This seems implausible, but it’s not the first poll to show the race there surprisingly tight. A survey taken last week found Graham up by four. Another taken at the end of May had it tied at 42.

Trump won South Carolina by 14 points in 2016. How can Graham’s seat conceivably be in play?

My first thought upon hearing that South Carolina’s become a Senate toss-up is “Aha, it’s because Trump is dragging Graham down. The president’s popularity has waned even in red states and now Republicans downballot are paying the price.” And that’s true: Trump leads Biden by just five points in South Carolina in this new one from Morning Consult, well off his pace against Clinton.

But in SC as well as in Texas, Kentucky, and Alabama — three states where Republicans lead in their Senate races — he’s running ahead of the downballot candidates. If he were dragging everyone down, you might expect to see some anti-Trump Republicans split their tickets between Biden and Republicans running for lower office. That’s not what’s happening here. Voters in each state are more committed to the president than they are to the Senate nominee.

What’s especially surprising about Graham’s weak showing is that he’s the most loyal Trump sycophant among the three incumbents. Granted, he’ll never fully shed his “soft on immigration” reputation, but he’s worked hard to stay in the president’s and MAGA Nation’s good graces over the past four years. There should be very little reason for a South Carolina Republican to say “I like Trump but I’m not sold on Graham.”

Yet that’s exactly what’s happening, per Morning Consult:

In South Carolina, where the Senate race is effectively tied, Graham is experiencing a similar problem with his own base: The Senate Judiciary Committee chairman trails Trump among likely Republican voters by 11 points, 81 percent to 92 percent. By comparison, Harrison has support from 90 percent of likely Democratic voters, roughly matching Biden’s 94 percent.

Polling in North Carolina, Michigan and Arizona reflected a similar trend, with Republicans nearly united behind the president but less certain about the down-ballot contests.

Trump also scores better with independents (46 percent) than Graham does (41 percent). Is Graham’s challenger, Jaime Harrison, that much more formidable than Joe Biden is or is Trump that much more liked than Graham is? If it’s the latter, why are GOP candidates in other states also running behind the president among Republican voters?

I think it’s a combination of the two. Generally speaking, yes, of course Republicans are more loyal to Trump than to their Senate candidate. He defines the party; voters are emotionally invested in him to a far greater degree than they are in congressional apparatchiks. Many Republican voters don’t pay close attention to Senate business so we’d expect more of them to say “don’t know” when asked if they favor their senator over a Democratic challenger.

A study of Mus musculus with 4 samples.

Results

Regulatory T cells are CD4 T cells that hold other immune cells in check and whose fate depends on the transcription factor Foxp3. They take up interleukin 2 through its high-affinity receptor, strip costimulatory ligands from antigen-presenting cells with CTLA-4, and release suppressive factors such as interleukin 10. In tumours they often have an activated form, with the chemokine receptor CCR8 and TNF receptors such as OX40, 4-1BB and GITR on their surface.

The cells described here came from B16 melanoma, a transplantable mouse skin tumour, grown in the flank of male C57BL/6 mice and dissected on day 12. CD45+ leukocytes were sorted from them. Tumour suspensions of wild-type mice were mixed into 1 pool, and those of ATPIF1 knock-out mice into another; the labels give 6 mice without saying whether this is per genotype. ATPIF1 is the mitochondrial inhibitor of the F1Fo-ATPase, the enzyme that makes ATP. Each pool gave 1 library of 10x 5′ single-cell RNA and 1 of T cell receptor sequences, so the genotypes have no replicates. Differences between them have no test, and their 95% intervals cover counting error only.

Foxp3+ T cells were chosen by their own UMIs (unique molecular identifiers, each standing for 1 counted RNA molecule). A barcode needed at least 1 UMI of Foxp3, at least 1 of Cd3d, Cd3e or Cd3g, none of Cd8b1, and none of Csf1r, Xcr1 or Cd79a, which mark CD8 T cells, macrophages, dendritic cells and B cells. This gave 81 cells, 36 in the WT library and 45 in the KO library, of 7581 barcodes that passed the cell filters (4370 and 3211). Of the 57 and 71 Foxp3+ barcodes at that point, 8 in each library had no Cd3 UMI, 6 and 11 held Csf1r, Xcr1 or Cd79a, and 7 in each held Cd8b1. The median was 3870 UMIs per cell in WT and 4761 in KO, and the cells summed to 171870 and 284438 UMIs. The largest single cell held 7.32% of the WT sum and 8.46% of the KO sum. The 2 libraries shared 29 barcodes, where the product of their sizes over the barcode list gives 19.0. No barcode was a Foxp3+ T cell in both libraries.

But in reddish states like South Carolina, Kentucky, and Alabama, I think it’s also true that the Democratic Senate challengers are more “formidable” than Biden is, in one very important sense. They’re spending money to compete aggressively in those states whereas Biden, for the most part, has conceded them. South Carolina arguably isn’t worth a dime of his money since no one expects it to be a tipping-point state in November; if he wins it, it’ll only be because he’s en route to a landslide nationally that’ll deliver the presidency to him anyway. He’s not going to waste much time or money there. Graham’s challenger, Jaime Harrison, is competing aggressively, though, sitting on a massive war chest funded by Democratic donors across the country who hate Graham for his Trump toadyism and want to see him ousted. Harrison’s ad dollars presumably have chipped away just enough Republican and independent support from Graham to make a race of it. That’s less true in Kentucky, Alabama, and Texas, but even in those states Democratic ad spending in Senate races has managed to soften up Republican support to some degree.

The one state of the four where Biden is competing, Texas, also happens to be the one state where he’s leading and is considerably overperforming the Democrats’ Senate candidate. Which raises a question for his campaign: Given how close Harrison is to Graham and how slender Trump’s lead over Biden is right now in South Carolina, should he think about allocating a few more resources there? If he can cut into Trump’s lead in SC the way he’s cut into it in Texas, he might boost local turnout just enough to drag Harrison over the finish line, even if he ends up losing the state to Trump himself.

The good news for Graham, though, is that at the moment it looks like he has more room to grow than Harrison does. Assuming that Biden’s 44 percent is the de facto Democratic “ceiling” in South Carolina unless and until Team Joe starts spending there, presumably some of the Trump supporters who are undecided about Graham right now will come home to him by November. He’ll probably end up winning by five points or so, which isn’t impressive in a state as red as South Carolina but could be worse in a national climate as blue as this one.